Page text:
Choosing Mesquite Trees for Landscapes & How to Identify Different Species

The following is information for southern Arizona and northern Sonora.

Winter photo.
Winter-deciduous native velvet mesquite on left, mostly evergreen non-native mesquite on right.
The native velvet mesquite (Prosopis velutina) is a superior tree around gardens, buildings, and pathways since it lets in more winter light; and its roots do not heave foundations or pavement.
Photo: Brad Lancaster
Summer photo.
Native velvet mesquite tree on left, non-native mesquite tree on right.
Photo: Brad Lancaster
Non-native mesquite blown over in a storm.
Such non-native South-American hybrid or “Chilean mesquites” are very prone to such blow over or “windthrow”, and their roots tend to heave adjoining pavement.
Native velvet mesquite does not have these negative characteristics.
Photo: Brad Lancaster

Non-native mesquite tree’s roots heaving adjoining sidewalk.
Native velvet mesquite tree roots typically do not do this.
Photo: Brad Lancaster

Thanks to Greg Corman for permission to reprint the following article from his July 2009 newsletter. Scroll to the bottom of this page for his contact info, or click here to visit his website.

Mesquites are popular choices for landscaping in Southern Arizona and the default choice seems to be the South American hybrid version often called “Chilean mesquite”. It is a favorite with contractors and many homeowners because it is cheap, grows quickly, and has no thorns. The foliage is pretty much evergreen. It sounds like a perfect landscape tree, but in this case, beauty is only bark deep and a better choice for most sites is our very own Velvet mesquite. Here are some side by side comparisons of Chilean mesquite and Velvet mesquite.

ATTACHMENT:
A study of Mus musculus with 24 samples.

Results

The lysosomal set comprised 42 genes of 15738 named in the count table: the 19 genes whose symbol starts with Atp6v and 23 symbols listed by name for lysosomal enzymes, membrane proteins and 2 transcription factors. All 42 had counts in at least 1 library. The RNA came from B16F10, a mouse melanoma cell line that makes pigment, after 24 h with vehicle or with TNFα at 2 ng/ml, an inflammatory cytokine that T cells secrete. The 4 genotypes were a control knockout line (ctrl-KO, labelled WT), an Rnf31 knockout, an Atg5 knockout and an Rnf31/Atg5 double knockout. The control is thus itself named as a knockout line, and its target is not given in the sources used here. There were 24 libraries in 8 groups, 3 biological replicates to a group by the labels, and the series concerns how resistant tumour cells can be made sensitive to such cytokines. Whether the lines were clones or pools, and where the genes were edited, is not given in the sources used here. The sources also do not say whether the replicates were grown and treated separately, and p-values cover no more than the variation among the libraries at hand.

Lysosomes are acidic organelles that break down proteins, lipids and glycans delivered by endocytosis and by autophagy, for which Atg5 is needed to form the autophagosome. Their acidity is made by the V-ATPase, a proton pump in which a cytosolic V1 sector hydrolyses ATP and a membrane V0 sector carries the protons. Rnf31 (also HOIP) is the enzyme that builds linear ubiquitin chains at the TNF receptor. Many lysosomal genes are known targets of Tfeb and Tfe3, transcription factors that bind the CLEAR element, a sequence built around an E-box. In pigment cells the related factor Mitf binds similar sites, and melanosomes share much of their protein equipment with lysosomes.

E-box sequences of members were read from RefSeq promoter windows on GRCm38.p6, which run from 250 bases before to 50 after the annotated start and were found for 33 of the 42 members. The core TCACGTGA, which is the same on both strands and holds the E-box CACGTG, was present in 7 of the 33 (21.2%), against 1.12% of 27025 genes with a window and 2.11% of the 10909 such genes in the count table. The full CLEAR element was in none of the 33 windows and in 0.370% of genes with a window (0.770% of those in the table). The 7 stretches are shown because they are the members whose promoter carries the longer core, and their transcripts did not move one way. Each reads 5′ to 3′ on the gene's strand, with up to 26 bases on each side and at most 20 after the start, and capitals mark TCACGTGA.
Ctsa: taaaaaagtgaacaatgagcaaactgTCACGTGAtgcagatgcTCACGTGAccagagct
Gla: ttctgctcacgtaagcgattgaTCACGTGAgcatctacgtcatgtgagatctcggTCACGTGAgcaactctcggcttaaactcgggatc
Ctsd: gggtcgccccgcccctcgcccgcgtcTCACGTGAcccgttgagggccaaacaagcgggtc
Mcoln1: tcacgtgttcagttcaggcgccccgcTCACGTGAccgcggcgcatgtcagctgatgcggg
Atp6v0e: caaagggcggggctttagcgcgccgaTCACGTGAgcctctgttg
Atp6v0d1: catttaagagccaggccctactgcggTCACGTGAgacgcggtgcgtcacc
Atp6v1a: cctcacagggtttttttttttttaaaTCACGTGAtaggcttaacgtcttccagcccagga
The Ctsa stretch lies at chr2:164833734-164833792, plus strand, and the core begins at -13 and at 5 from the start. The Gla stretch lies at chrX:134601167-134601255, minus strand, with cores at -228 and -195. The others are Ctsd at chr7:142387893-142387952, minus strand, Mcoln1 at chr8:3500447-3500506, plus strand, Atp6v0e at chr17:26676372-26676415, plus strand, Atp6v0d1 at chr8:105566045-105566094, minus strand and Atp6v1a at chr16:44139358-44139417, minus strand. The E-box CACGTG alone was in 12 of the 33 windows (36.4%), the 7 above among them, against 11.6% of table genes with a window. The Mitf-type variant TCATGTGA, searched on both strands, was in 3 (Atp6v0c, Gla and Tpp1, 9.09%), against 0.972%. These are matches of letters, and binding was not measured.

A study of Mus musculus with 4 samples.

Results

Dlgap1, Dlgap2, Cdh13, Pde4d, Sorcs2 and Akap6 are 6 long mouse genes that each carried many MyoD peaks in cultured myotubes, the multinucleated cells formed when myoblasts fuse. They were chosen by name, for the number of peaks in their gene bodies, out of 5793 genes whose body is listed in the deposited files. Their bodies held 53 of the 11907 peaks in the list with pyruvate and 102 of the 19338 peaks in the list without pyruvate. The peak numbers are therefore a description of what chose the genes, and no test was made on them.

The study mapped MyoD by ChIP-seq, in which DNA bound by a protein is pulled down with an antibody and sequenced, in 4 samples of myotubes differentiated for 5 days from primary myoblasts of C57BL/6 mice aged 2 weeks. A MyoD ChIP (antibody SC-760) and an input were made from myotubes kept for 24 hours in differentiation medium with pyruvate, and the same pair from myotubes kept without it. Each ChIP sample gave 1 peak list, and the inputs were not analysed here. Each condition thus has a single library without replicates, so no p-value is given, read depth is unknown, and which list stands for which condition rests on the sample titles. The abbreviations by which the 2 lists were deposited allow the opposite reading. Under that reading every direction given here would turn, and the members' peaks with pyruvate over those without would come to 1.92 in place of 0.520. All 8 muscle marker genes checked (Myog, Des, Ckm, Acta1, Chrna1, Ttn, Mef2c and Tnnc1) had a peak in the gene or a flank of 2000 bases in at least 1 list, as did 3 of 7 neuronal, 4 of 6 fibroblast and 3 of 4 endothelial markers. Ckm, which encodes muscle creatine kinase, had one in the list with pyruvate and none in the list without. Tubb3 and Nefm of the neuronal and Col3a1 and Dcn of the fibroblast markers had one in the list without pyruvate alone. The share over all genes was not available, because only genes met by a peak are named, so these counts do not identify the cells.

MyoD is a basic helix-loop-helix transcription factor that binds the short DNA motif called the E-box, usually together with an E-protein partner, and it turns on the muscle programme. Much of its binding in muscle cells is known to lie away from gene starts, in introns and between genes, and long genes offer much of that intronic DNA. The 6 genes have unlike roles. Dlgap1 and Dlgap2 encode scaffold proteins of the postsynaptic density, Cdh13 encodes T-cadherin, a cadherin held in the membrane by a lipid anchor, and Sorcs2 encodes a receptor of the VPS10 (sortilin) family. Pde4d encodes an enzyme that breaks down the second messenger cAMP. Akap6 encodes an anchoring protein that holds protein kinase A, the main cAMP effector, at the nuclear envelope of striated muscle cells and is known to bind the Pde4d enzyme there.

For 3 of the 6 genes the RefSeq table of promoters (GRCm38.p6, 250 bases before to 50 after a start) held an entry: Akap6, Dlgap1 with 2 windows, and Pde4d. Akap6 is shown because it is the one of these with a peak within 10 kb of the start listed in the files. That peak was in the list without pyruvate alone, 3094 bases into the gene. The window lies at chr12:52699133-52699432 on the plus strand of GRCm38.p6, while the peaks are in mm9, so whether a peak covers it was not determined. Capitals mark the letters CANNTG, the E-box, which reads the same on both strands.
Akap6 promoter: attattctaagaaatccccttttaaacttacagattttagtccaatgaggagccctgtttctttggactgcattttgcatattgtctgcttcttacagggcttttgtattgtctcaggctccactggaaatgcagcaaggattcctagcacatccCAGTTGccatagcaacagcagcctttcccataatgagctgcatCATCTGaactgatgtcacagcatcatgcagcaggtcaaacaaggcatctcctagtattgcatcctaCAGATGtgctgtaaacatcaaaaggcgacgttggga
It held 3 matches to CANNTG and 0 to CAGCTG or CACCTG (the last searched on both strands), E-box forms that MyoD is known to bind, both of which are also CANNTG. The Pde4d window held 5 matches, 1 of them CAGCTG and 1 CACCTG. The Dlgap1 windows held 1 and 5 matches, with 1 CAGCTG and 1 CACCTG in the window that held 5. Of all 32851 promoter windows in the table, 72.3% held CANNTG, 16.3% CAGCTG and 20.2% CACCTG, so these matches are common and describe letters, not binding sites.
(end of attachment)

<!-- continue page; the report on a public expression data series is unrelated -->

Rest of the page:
Chilean: Usually shallow rooted and/or surrounded by surface roots that heave sidewalks and other infrastructure.
Velvet: Deep rooted. Rarely shows surface roots and not often a cause of heaving for hardscape.

Chilean: Windthrow during periods of high wind is common. The most frequently blown over tree during the monsoon.
Velvet: Windthrow very rare on established specimens.

Chilean: Often exhibits a growth defect called ‘included bark’ that can lead to structural damage in mature trees.
Velvet: ‘Included bark’ is rare in Velvet mesquite.

Chilean: Requires monthly irrigation to thrive in typical urban conditions.
Velvet: Thrives on rainfall alone when established in SE Arizona. It will need irrigation in most Phoenix landscapes.

Chilean: Hybridizing with Velvet mesquites and altering the gene pool of the native species.
Velvet: Native. No problem with hybridization.

Chilean: Anecdotal evidence from bird watchers suggests few bird species use Chileans for foraging.
Velvet: Foraged heavily by warblers, verdins, wrens and many other bird species who are looking for insects to eat.

Both species of mesquite are handsome landscape trees, but given the drawbacks of the Chilean version, it is preferable to choose the native for landscaping here. It is considered slower growing, but still grows very quickly and develops a more stable root system. Desert Survivors Nursery on Starr Pass Boulevard, Spadefoot Nursery, and Night hawks Native Plant Nursery procure their seeds for Velvet mesquite from distant areas where hybridization is not a problem. [Mesquites of different species readily hybridize with one another via their cross-pollinated offspring]. You can count on these local native plant nursery’s native mesquites to grow true to form.